In the image below, a beam without any load will rest in a level state, illustrated by the black line.  When a load is applied to the beam the beam will bend, illustrated by the orange line.  The distance from the beams original position to its loaded (bent) position is the deflection.

When the beam is loaded and deflection exists, there are a lot of additional loading conditions being applied.  Some of these loading conditions may be viewed as negligible, however it is a designer’s responsibility to recognize that a combination of negligible loads may add up to an amount significant enough to cause a failure.

From the image above, the loading on the supporting columns (vertical members) changes from a pure Axial (Vertical) load to a combined load including lateral (Side) loads.  If the designer is focused on the static design (loads applied along the x axis only) the product may not meet the safety requirements outlined by several standards.  A good designer should take into consideration the effects of being dynamically loaded.  Attention to dynamic loading will be reflected in the durability, quality and ultimately the safety of the product.

We can predict the theoretical deflection amounts through manual calculations and through modeling software programs such as Solidworks, Catia or Inventor to name a few.  With the theoretical or measuring the actual deflection, we can compare the amount with a published set of standards to justify the product is designed based on sound engineering principles and is not likely to fail under normal circumstances.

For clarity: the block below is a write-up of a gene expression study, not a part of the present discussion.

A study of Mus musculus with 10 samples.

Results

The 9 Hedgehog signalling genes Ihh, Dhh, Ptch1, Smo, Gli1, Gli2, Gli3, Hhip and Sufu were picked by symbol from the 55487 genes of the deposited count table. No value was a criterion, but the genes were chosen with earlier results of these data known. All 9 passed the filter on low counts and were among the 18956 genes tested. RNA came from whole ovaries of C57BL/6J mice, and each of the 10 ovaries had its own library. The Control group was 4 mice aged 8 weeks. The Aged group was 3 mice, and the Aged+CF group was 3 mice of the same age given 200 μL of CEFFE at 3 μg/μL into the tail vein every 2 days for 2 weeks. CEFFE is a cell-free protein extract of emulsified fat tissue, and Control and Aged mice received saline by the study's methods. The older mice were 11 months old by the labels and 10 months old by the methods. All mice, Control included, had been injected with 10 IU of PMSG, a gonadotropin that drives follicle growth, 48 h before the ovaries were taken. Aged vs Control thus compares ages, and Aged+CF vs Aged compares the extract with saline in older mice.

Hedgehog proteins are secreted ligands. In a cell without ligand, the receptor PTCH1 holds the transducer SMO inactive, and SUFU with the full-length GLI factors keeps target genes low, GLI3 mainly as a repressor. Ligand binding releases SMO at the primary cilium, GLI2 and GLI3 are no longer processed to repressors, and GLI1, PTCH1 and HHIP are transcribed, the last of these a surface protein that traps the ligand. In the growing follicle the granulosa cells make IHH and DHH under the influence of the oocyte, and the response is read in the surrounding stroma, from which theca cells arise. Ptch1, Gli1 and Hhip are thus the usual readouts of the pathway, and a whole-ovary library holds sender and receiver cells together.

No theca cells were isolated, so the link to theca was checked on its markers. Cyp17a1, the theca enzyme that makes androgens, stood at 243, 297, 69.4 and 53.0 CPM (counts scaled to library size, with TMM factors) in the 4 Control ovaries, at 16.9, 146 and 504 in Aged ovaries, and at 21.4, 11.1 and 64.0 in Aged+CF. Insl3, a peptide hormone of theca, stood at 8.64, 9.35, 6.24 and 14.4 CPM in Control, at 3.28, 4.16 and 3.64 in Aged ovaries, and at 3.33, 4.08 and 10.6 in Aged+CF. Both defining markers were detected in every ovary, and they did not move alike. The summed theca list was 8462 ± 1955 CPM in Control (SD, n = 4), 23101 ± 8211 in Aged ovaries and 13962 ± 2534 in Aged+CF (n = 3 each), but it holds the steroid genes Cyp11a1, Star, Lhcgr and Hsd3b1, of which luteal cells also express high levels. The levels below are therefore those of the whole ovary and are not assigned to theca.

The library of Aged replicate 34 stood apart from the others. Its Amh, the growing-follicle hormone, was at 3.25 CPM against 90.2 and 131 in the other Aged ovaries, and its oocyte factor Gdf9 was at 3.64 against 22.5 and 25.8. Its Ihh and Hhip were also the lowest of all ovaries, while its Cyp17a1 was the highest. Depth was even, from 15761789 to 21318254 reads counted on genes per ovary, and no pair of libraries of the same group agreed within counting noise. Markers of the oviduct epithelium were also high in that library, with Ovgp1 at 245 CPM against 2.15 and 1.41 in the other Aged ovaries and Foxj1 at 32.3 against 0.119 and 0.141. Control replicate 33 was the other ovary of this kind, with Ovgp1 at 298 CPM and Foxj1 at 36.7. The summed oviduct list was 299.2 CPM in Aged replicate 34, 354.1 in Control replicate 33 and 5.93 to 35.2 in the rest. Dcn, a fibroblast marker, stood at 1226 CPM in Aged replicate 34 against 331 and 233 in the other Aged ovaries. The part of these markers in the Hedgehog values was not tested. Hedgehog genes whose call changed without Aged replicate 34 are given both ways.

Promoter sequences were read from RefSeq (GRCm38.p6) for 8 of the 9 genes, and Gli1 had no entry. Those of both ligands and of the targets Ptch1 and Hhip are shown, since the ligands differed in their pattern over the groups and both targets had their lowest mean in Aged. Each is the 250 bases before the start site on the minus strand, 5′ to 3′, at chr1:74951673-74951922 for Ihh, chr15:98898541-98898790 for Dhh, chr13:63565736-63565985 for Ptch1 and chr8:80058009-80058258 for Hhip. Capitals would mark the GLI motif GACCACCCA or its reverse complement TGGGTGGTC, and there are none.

A deflection test could be taken later as well to evaluate the effects of repeated use over a period of time.  The repeated loading applied to a beam is referred to as fatigue loading and can cause damage leading to catastrophic failure.  Maintaining a record of deflection measured each year may highlight a products failure before it happens, potentially saving a life.

To have a properly designed piece of lifting or structural storage equipment contact Jason Harnest, Director of Engineering at jharnest@carneyfabricating.com to get the optimal design based on strength and deflection.